Maintaining head tracking in Unity

Ensuring immersive user experience quality

This guide shows you how to ensure that your Unity apps meet the following quality guidelines:


In Unity, app code runs on the main thread. When your app performs a CPU intensive task, such as loading a complicated scene or initializing app state for a large number of game objects, the main thread can become blocked. This can result in full or partial loss of head tracking.

Users experience this as the world appearing to be locked to head movement or as black borders intruding from the edge of the display. These black borders are caused by the asynchronous reprojection feature having to apply a significant translation to a very old image frame generated when the user was previously looking in a different direction.

Unblocking the main thread

There are a number of techniques you can use to help avoid blocking the main thread for a long time and help ensure that your app maintains head tracking.

Identify specific performance issues

Use the Unity CPU Profiler to identify performance issues in your code.

Once you've identified a problematic section in your code, use the techniques below to avoid blocking the main thread.

Defer initialization work

Identify work that it done in Awake() or OnEnable() that can be deferred to a later time, using a Coroutine, or a refactored Start() method.

Refactor expensive Start() methods

Replace an expensive void Start() { … } script block with one that makes use of the IEnumerator pattern in order to defer some or all of the work to subsequent frames. Here is an example:

IEnumerator Start() {
  // Lets say we need to create 1,000 game objects, but we've determined that
  // we can only create approximately 100 at a time while maintaining framerate.
  for (int i=0; i < 10; i++) {
    // Wait until the next frame before continuing the loop. By starting
    // with a yield statement, we don't start any work until the next frame.
    yield return null;

    // Set up 100 game objects (1/10th of the total work).

Refactor expensive game logic

Similarly, you might be able to replace an expensive section in your script with a Coroutine. This lets you perform a small amount of work in each frame before yielding control back to the game engine.

Use a loading scene

If your initial scene takes too long to load, consider adding a loading scene that provides feedback to the user. You can display a VR splash screen and/or provide audio feedback while your main scene loads.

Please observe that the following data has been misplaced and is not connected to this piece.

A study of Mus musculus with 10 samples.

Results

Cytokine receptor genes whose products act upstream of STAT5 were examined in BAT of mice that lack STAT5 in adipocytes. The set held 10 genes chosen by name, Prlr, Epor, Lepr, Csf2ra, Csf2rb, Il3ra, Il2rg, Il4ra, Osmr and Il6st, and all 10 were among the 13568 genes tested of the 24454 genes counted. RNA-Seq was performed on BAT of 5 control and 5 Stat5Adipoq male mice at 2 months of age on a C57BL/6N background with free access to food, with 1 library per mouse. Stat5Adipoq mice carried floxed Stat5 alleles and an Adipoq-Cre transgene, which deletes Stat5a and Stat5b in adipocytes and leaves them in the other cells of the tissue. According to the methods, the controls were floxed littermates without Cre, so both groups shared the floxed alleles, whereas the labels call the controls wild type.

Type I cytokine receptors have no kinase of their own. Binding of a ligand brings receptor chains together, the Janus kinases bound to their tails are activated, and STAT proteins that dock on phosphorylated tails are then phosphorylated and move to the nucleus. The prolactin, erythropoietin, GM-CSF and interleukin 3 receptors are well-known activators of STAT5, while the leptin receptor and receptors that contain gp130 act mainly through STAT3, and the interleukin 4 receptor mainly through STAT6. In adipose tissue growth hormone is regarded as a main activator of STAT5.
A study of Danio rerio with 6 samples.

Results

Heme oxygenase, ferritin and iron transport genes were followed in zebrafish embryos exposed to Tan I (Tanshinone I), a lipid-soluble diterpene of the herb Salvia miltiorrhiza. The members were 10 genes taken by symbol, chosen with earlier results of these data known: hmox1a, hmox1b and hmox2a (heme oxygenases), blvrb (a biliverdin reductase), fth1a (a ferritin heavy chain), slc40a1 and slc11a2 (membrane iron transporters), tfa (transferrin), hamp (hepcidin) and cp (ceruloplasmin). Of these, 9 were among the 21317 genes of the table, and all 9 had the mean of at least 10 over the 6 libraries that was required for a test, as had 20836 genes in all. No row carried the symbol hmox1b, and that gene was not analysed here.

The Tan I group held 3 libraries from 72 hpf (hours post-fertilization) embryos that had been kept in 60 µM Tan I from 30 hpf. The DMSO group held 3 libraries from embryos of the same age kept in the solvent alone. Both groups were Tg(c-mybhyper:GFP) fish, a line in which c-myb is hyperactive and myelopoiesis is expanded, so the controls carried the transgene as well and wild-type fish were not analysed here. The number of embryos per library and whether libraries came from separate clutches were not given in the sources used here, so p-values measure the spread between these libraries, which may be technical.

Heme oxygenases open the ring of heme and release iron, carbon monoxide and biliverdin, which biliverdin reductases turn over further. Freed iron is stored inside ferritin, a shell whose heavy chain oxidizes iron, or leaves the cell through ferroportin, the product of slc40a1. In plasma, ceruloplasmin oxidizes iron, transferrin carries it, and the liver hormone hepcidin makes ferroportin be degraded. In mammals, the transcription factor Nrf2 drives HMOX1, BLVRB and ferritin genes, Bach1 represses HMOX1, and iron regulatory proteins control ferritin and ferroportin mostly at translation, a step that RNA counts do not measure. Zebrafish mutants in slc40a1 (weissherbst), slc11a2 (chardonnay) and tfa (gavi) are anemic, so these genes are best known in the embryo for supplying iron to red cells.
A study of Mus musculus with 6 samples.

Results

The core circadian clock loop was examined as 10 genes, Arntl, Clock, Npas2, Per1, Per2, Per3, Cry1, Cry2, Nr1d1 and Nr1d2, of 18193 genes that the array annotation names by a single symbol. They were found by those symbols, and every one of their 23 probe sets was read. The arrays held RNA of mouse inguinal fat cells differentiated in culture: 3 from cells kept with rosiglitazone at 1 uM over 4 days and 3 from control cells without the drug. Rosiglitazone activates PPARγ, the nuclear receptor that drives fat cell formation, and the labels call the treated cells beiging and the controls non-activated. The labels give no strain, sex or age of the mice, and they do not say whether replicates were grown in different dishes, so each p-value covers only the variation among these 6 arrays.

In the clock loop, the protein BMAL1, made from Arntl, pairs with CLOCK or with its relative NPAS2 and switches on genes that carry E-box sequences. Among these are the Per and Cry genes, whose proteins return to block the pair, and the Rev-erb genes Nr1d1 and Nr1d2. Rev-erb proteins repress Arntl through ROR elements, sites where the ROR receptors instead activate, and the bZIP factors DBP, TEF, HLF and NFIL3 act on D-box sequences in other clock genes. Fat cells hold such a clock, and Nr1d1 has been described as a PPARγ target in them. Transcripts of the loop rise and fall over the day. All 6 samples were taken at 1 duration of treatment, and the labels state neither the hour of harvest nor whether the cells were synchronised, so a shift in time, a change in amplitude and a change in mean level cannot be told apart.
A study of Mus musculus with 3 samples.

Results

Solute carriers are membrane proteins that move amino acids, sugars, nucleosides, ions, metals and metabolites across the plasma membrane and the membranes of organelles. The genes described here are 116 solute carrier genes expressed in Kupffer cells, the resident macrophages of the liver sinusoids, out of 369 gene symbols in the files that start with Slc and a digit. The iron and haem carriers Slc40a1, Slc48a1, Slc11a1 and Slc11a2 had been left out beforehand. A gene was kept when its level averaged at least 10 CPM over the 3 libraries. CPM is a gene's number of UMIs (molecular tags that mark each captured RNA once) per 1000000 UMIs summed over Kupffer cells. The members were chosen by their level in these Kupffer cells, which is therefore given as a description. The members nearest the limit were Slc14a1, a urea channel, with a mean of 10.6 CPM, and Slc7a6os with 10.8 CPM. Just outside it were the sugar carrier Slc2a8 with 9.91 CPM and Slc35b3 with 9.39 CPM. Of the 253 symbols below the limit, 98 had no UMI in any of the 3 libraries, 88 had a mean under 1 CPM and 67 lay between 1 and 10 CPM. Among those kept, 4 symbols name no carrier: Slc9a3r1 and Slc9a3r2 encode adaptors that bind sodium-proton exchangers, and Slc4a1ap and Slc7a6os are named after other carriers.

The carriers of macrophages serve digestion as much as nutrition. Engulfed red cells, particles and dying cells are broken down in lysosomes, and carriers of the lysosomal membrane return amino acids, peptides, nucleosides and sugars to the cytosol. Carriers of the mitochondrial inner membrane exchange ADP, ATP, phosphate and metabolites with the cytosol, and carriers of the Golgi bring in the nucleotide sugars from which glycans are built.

Use asynchronous scene loading

When loading a new scene, start by using LoadSceneAsync and experiment with different values for Application.backgroundLoadingPriority. You can use the returned AsyncOperation to monitor or control the loading of the scene.

If your app still freezes or loses head tracking, use the Unity CPU Profiler to find expensive script operations, including any Awake() or Start() functions in the new scene and OnDestroy() methods in the old scene. There are a few more tips in this Unity post.

Use a background thread

Move an expensive task off the main thread onto a background thread. However, note that Unity APIs may only be called from the main thread.

Hiding effects of a blocked main thread

Even with other optimizations, you might still find it difficult to maintain head tracking and frame rate at certain points in your app.

You can work around these issues by hiding the effects of a blocked main thread. For example, when transitioning between two levels in a game, you can fade the camera to black, spend a few hundred milliseconds on expensive computational work, and then fade back into the new scene.

Fade to black

To create a fade in and out effect, attach the ScreenFade script (and the material and shader by the same name) in daydream-elements to the main camera.

See the LevelSelectButton script for an example of how to use screen fade.

  • If you fade to black while loading a scene, try using the synchronous LoadScene() method, as this allows the main thread to load the new scene slightly faster.

  • Alternatively, you may find that you can start loading the next scene asynchronously using LoadSceneAsync() before fading to black and then delay the fade slightly using a Coroutine.

    This lets your app:

    • Provide feedback to the user for a longer time, meeting performance requirement PS-P1.

    • Maintain head tracking, meeting design requirement UX-D2.

Provide audio feedback

Consider providing audio feedback (music or other sound) while the screen is faded to black to let users know that the app is still running. This is especially important if screen remains black for a long time, for example while loading and initializing a level.